I must confess I have been a television snob. I criticized and teased fellow seniors who depended on television for both information and entertainment at all hours. The irony of this is that now I have joined these folks, spending a good deal of each day in front of that box.
Television has become an enjoyable diversion from the discomforts and lack of mobility that many others, and I, endure. I remember as a youngster in the early years of television, my heroes were Hopalong Cassidy and Roy Rogers. They always captured the “bad guys” — all the while crooning a cowboy tune.
When my kids watched television, their heroes were Superman and Flash Gordon. They too always captured the “bad guys,” but they did so minus any crooning.
In recent times, heroes and shows have been far different. People seem to relish violent programs with a passion. Today’s heroes are the “bad guys!” To name a few, there’s Don Corleone, the Godfather; Tony Soprano and his Mafia-style family; and Bonnie and Clyde, bank robbers. They all escaped from the law or violently opposed it. Widely popular these days are shows that elevate the anti-hero to star status and, seemingly, the bloodier the scenes, the better!
The popularity of the anti-hero is also reflected in our politics. Leading up to the 2020 presidential election, 40% of our population supported the re-election of Trump despite his autocratic behavior, incendiary rhetoric, anti-constitutional governing, and the fraudulent use of public funds. Then as now, Trump professes his admiration of murderous dictators such as North Korea’s Kim Jong Un and Vladimir Putin of Russia.
I find it shocking that recent national polls show that Trump is the overwhelming favorite to win the Republican nomination for the presidency in 2024, this in spite of his instigating an unsuccessful, treasonous coup in an attempt to overturn the results of the 2020 election. Trump was and is a master at using social media and television to his advantage.
Television programming airs violent shows and gives Trump’s antics a platform. The job of producers and news directors is to broadcast programs that will attract and appeal to their viewers and sell advertising time. Gutter-rhetoric, outrageous behavior, and rampant gun use have become the requisite paths to popularity among viewers. Even comedy and family shows these days tend toward vulgarity or demeaning certain groups, behaviors, or cultures.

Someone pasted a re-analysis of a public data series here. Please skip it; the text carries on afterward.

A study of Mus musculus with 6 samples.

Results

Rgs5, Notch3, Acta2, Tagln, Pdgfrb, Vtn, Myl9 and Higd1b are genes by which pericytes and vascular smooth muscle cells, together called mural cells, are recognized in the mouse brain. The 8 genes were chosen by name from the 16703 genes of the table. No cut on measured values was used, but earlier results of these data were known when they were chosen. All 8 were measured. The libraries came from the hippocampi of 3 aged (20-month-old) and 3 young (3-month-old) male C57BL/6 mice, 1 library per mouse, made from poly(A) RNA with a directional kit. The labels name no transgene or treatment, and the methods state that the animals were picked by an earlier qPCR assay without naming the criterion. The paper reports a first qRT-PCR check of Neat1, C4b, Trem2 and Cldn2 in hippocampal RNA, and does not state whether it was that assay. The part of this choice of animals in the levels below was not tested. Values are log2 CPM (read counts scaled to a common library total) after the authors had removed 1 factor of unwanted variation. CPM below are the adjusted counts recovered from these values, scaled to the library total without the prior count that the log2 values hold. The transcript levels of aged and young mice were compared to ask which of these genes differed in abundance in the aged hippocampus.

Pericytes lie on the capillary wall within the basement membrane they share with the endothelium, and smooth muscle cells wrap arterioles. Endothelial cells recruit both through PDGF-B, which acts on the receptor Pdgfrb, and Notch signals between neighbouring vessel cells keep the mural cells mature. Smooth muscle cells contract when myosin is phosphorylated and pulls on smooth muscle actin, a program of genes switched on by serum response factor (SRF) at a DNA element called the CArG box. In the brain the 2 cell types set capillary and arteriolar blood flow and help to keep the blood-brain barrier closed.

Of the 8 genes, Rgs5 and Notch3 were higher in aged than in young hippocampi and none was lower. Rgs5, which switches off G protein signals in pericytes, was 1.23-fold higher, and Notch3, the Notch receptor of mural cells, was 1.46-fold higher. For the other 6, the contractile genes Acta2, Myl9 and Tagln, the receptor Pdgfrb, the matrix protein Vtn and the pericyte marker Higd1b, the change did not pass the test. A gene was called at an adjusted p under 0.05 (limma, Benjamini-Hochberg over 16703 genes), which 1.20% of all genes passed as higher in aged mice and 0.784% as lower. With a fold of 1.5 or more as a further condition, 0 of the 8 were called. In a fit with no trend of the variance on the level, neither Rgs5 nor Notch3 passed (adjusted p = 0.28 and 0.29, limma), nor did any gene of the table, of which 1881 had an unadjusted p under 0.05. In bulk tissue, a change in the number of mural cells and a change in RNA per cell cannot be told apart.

I’m deeply concerned how viewing violence impacts vulnerable people, especially children who are so often glued to the television. Gun-wielding and shooting are portrayed everywhere, even occurring in some children’s shows where they experience shooting as routine behavior.
I fear that all of us are becoming immune to the violence we ingest. I attribute some of the rapid rise in gun use to this anti-hero worship along with the broad portrayals of violence on television. Most of us are deeply concerned about the lack of legislation on weapons. Polls show the majority of Americans favor reasonable gun control, although this means confronting the powerful and politically connected NRA.
We senior citizens often spend a great deal of time watching television and appreciate its value. However, we also have concerns about how repeatedly viewing violence impacts children and other vulnerable populations. I believe television has the opportunity to make a difference if it emphasizes true heroes and minimizes violence. We must make our concerns known to a greater extent. Perhaps the television industry will realize our pleas are worthy of their attention and are critically important.